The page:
The plasma membrane houses an array of cell surface membrane proteins that perform diverse and critical cellular functions. Cells internalise surface proteins, ligands, lipids, and extracellular material to endosomal compartments inside the cell. Internalised proteins are subsequently trafficked to different intracellular locations or are recycled back to the surface. We are interested in the routes surface proteins use to repopulate the plasma membrane and the machinery that controls these trafficking pathways. 


To study surface recycling mechanisms we primarily use budding yeast as a model organism, which has many powerful genetic and biochemical tools to study conserved intracellular trafficking pathways. Two example assays used to measure yeast recycling are described in Figure 1.

Figure 1: The red fluorescent dye FM4-64 (left) binds to lipids on the plasma membrane and is internalised to endosomes (after ~ 5 minutes) and eventually progresses to the yeast lysosome / vacuole. However, most internalised dye is recycled from endosomes out of the cell. As FM4-64 fluorescence is quenched upon secretion, a decrease in fluorescence can be used as a measure of recycling kinetics. We have also engineered a recycling reporter based on a GFP labelled surface receptor (right). The receptor is fused to the catalytic domain of a deubiquitinating enzyme, thereby blocking its entry into the degradation pathway. The reporter is instead restricted to early endosomes, where it efficiently recycles to the surface in wild-type cells but remains trapped in endosomes in recycling defective mutants.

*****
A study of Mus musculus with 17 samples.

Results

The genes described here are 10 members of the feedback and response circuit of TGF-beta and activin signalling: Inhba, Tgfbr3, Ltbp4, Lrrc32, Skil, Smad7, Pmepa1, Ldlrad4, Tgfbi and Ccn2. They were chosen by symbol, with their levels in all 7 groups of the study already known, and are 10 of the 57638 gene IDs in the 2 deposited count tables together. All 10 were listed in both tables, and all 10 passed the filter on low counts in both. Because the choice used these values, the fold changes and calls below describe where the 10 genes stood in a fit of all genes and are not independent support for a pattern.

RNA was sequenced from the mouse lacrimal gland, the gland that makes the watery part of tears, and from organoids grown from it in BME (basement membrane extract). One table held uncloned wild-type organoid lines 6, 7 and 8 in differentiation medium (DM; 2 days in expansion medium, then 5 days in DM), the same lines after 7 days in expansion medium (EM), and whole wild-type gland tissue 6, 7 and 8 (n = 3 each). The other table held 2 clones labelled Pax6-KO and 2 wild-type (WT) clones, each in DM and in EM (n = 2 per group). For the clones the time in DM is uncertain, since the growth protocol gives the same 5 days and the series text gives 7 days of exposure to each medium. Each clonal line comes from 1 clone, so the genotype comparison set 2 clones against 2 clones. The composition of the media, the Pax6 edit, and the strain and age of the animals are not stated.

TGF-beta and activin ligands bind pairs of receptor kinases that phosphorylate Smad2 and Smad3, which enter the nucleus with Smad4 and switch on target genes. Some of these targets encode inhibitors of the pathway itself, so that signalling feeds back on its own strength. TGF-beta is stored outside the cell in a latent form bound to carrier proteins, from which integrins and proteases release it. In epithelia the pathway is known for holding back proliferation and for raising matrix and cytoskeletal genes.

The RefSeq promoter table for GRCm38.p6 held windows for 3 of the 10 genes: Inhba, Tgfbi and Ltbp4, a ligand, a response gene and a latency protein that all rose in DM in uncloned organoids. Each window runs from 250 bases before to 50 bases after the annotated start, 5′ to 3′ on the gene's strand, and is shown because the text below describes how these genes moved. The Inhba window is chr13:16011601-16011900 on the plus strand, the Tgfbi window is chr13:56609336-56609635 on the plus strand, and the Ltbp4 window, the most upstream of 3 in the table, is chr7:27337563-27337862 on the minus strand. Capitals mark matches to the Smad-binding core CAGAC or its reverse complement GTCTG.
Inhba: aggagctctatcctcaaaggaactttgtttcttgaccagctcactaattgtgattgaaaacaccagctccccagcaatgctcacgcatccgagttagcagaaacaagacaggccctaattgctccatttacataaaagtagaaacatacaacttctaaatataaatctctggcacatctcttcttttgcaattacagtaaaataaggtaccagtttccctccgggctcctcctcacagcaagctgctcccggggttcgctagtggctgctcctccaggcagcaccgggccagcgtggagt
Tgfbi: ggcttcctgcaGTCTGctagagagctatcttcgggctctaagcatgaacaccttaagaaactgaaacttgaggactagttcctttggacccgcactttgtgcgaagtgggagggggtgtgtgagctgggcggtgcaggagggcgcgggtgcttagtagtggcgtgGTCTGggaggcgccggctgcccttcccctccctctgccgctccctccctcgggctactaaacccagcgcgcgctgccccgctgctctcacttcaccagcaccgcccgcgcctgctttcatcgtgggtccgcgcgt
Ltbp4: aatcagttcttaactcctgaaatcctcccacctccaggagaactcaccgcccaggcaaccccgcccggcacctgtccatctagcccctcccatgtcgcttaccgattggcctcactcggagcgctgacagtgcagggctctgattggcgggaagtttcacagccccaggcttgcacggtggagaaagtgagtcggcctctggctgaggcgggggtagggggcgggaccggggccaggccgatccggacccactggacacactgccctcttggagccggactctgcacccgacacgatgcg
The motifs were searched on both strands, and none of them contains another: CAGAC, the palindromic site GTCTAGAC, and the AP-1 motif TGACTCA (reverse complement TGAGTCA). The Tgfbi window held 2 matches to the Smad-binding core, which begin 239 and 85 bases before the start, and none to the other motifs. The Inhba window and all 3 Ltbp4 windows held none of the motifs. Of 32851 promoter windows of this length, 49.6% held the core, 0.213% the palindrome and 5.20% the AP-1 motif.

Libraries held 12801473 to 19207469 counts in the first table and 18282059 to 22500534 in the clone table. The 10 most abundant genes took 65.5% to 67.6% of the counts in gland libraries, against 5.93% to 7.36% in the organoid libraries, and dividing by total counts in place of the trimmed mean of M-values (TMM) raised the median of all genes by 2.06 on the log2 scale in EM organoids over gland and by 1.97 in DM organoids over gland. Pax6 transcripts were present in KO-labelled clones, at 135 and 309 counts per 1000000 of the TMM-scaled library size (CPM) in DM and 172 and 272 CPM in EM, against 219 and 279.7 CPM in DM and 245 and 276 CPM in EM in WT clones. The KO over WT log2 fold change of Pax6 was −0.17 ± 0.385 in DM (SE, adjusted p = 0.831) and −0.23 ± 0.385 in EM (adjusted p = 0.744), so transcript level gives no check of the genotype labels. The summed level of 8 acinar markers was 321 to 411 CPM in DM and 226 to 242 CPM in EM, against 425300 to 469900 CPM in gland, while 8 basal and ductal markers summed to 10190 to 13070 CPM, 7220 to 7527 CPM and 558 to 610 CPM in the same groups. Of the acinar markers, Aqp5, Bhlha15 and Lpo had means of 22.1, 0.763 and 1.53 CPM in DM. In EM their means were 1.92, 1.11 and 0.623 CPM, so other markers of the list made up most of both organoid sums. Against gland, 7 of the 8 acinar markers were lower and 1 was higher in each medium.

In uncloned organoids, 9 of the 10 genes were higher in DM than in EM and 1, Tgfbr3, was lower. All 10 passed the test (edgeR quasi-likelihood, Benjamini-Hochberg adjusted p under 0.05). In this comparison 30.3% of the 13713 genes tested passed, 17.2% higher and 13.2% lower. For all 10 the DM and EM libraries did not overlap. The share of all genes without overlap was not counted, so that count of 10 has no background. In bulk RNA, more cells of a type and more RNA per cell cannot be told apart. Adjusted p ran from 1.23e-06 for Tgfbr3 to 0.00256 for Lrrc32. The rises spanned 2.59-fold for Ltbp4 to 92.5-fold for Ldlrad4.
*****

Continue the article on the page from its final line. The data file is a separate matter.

Using the GFP-tagged recycling reporter described above a comprehensive genetic screen was conducted, where the reporter was expressed in a collection of haploid deletion mutants. Of the ~5000 non-essential genes in yeast a cohort of mutants that were defective in recycling were identified and verified. These proteins define the contours of a mechanistic map of the recycling pathway, encompassing a variety of molecular functions, including metabolic control, lipid synthesis and organization, membrane fission, ion flux and transcription (Figure 2).

Figure 2: The genetic screen identified 89 mutants that are defective for recycling. The proteins encoded by these mutants were clustered based on their known protein-protein interactions and functional associations using STRING pathway analysis software. 


The lab is currently funded through a Sir Henry Dale Fellowship supported by Wellcome and The Royal Society, in addition to support from the biology department at The University of York. The lab is extremely grateful for this generous funding.